Dear Dr. Brilliant Cliché,
What are your thoughts on these extra familial relations? My husband’s brother in law
is very difficult to get along with. You go over to his home and he doesn’t acknowledge your arrival, no greeting, no warmth, does not participate in general conversation. This is a typical visit. The last time I went I got the same treatment until I began a conversation with his wife about another family member, and then he piped in only to say, “Well, who did you talk to?” That was the most said to me from him while I was there. So I went two days later to the same home only to visit my husband’s mother with our son. He did not answer the door, so I went for a walk, and came back and only then did his mom and sister come out, with all these weird excuses. My conundrum, I go over there to support my
husband, but I no longer want to subject myself to such negative behavior. What are your thoughts? We spend every Christmas Eve there.
Families are a value judgment we have to all make and as we don’t get to pick our
families there often is no good answer.
That being said, I do not believe it serves anyone any good to place yourselves in a
situation that doesn’t feel right. I don’t believe we are duty-bound to suffer for the sake of family. But in removing yourself you are making a deliberate choice to let those people go. I believe these decisions have to be weighed carefully as they are important. Children
learn through role modeling. It is quite important who we allow to be the role models for our kids; certainly we should at least discuss afterwards that WE don’t treat people that way.
I have heard people excuse bad family situations due to this fear: I don’t want to teach my kids to abandon me when I grow old. This is not sound reasoning unless you plan on being an asshole deserving of abandonment. It’s better to role model to your kids that no one has the right to disrespect you and that you needn’t put up with other people’s bullshit.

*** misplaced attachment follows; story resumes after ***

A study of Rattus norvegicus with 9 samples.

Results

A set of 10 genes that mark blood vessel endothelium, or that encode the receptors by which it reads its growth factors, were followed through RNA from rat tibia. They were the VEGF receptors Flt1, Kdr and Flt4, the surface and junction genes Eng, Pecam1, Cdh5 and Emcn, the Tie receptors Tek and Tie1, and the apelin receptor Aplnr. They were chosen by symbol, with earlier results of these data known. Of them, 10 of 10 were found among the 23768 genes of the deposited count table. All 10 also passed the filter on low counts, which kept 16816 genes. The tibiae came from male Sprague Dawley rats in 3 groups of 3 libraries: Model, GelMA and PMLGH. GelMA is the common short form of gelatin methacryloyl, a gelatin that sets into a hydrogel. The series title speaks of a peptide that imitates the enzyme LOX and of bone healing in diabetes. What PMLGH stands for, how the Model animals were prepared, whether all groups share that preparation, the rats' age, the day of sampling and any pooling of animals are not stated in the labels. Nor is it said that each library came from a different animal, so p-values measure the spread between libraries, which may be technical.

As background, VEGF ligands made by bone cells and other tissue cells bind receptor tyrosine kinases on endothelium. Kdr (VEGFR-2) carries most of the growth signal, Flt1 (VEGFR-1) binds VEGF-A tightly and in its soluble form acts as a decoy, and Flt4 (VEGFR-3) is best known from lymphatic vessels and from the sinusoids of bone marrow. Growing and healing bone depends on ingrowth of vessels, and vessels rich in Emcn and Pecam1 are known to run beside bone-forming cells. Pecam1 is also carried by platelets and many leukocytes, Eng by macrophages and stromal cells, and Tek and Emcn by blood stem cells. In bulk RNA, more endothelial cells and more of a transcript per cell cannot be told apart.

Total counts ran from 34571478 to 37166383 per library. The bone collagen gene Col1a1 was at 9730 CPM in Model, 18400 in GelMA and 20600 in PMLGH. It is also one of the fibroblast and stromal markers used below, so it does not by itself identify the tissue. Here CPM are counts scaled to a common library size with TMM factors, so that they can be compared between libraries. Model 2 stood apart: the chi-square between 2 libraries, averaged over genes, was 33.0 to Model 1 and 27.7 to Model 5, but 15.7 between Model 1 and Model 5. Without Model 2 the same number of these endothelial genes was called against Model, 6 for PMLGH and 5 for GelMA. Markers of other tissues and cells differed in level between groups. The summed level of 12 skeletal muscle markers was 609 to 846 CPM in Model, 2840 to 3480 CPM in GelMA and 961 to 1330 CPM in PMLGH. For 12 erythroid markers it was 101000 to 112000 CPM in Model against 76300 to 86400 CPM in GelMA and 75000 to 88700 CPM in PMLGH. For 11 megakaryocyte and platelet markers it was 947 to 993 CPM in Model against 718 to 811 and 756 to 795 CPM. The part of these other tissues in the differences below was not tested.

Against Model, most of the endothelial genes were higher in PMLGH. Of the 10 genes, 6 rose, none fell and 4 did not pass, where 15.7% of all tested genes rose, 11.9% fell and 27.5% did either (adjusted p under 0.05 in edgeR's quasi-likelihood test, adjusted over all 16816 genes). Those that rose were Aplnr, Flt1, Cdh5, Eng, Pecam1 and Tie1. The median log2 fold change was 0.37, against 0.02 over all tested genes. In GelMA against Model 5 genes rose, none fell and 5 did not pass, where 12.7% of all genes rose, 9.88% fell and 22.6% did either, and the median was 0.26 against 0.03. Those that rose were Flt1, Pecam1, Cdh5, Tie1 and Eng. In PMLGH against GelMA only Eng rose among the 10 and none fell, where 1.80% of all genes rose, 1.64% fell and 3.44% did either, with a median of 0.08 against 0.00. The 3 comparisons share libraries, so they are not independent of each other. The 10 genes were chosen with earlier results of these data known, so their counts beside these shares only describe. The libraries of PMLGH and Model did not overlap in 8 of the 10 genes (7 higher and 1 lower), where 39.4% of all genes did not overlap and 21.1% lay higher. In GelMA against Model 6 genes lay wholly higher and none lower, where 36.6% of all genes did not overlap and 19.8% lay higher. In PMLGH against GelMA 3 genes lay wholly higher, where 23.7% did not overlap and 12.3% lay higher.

Your in-law might be mentally ill but mental illness isn’t an excuse for bad behavior. If his whole family walks on eggshells around him, why should you? Again that would be horrible role modeling and has serious repercussions.
An A-hole is an A-hole is an A-hole!!!! DON’T PUSSYFOOT around one.
If your husband values his family so much that he’s willing to let them treat him like shit then he can visit them without you and your son. Sometimes families treat their own OK and the newbies poorly; again you needn’t put up with that B.S.
If your husband wants you there then it is up to him and him alone to discuss and negotiate a better position and treatment for you and his son. And very importantly: He does not get to isolate you by bringing his son without you. That would most definitely send the wrong message.
I hope this is helpful,
Dr. Brilliant Cliché
Granny has a few questions. 1. When you go over to visit this loathsome ogre family,
do you invite yourselves… or are you invited? 2. It sounds as if this brother-in-law lives with your mother-in-law. Is he taking care of her? What’s her personality like? Why is it that she doesn’t live with you? 3. Do you ever invite these people to your house and offer them your hospitality? 4. Do you ever have family celebrations at your own home?
Since the answer to these questions are missing, I can only give you my gut reaction-
it seems you are invading your loathsome brother-in-law’s house every few days;
and he lives with your mother-in-law 24/7. If I lived at your brother-in-law’s house, I wouldn’t be that happy to see you either. I’d want to be left alone. Are you expecting him to entertain you? Did you bring anything for their entertainment? Do you ever offer to help with mom?
Until these questions are answered, it’s tough to assess the situation. But I gotta say, Granny’s initial impression is that your family seems very full of themselves regarding your desirability as frequent guests and you might want to examine this issue from another point of view- the people you are imposing on. In the meantime, go to Christmas Eve with a big smile on your face. It’s what families do, no matter how much they are sniping at each other. It may be a hypocritical tradition, but I think it’s preferable to sulking.